Food security is under threat, food habits must change and the industry has a vital role to play in preventing us in the West from “eating up nature.” At least that’s the received wisdom. But even if we agree that the rich West is disproportionately consuming the world’s resources, there’s little consensus on how best to stop our over-consumption. Nutritionist Dr Margo Barker says the sort of tough propaganda messages used in the Second World War successfully hit home and can play a vital role today.
Dr Barker, Senior Lecturer in Nutritional Epidemiology at Sheffield University, says for the sake of food security we in the West must eat less – especially less meat, dairy and processed food. In her view, we’ve become dependent on foods high in protein, fat and sugar at the expense of plants. “Not only does such excess make us overweight and obese, its production contributes to climate change, limits biodiversity, uses up land and wastes water. The message to consumers must be clear and simple: ‘For food’s sake, stop eating up nature.’ ”
Or, maybe, in this era of hashtags, #Ffsstopeatingnature
Learning from the past
She’s not advocating vegetarianism, but cites estimates that it takes the equivalent of around 7 kg of grain to produce 1 kg of beef, 2 kg to produce some herbivorous fish and even less to produce plants.
Using her research into food habits during the Second World War, Dr Barker advocates consumer messages that are straightforward and simple, as opposed to today’s bombardment of confusing advice. For example, Five-a-Day was once judged to be a good example of a clear consumer message, but now even that’s being questioned and has left us wondering whether high-sugar fruits and juices should be included.
In the 1940s, there were simple messages about the health effects of food, which were juxtaposed with advice around eating for beauty and patriotism. But are nutritionists really suggesting that propaganda tailored for the 1940s – an era of world conflict and rationing – can work in 2014?
The rationale for rationing
Dr Barker highlights joined-up thinking on policy, pricing, food production and propaganda in the 1940s. All civilians had a basic ration of fats, sugar, meat and dairy. Bread, fresh vegetables, flour and potatoes were not restricted and prices were kept low to serve as energy mainstays. Food technology was employed to improve nutrient content. Special travel zones limited food transport and reduced food miles.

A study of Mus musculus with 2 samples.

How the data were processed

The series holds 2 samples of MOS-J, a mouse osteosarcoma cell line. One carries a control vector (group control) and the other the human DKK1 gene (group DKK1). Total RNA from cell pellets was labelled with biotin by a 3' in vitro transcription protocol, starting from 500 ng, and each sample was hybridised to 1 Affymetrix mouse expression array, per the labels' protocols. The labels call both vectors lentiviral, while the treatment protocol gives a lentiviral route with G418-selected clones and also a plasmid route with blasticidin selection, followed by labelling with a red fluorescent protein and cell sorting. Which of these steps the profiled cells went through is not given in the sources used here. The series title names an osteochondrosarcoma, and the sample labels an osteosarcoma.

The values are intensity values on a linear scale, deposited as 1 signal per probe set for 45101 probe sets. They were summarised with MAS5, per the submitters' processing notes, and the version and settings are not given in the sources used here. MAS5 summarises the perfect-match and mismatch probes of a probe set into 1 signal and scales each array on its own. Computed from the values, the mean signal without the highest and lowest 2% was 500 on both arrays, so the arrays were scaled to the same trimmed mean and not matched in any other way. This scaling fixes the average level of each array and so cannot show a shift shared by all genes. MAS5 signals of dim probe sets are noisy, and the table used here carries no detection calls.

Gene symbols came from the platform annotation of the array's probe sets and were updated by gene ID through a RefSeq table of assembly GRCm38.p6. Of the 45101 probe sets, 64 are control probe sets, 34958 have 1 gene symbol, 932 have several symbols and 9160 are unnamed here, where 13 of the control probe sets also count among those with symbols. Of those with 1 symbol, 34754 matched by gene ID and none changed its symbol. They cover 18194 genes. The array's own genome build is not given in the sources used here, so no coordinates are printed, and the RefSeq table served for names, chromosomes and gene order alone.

As the war progressed, more foods were rationed and it continued after 1945. Even bread joined the ration books in 1946 for a two-year period, when there was a world-wide cereal crisis. Monotony, austerity and rationing prevailed until the 1950s, due to continued food shortages as a result of poor harvests, extreme winter weather in 1946/47 and near-famine in other European countries.
“Obviously rationing today would be unacceptable and draconian, but we can certainly learn lessons from those wartime measures,” says Dr Barker.
Arguably, we are already doing so. Food industry technologists are producing food that works harder for us, doing more than just filling us up. Products such as Benecol spreads and Beneforté broccoli are designed to stave off human illness and prolong life; crops have inbuilt resistance to pests and diseases. It’s not that far a leap from the 1940s when thiamin was added to flour to combat Vitamin B deficiency and white bread was, in effect, banned in favour of wheatmeal flour, rich in iron and B vitamins.
If nutrition is to act as a munition in a war for food’s security, consumers will need to be far more accepting of the sort of technologies that many scientists believe can safeguard our future diet. The ‘civilian’ population will certainly have to be more compliant too! But people aren’t exactly hanging out the bunting for genetically modified foods – at least, not yet.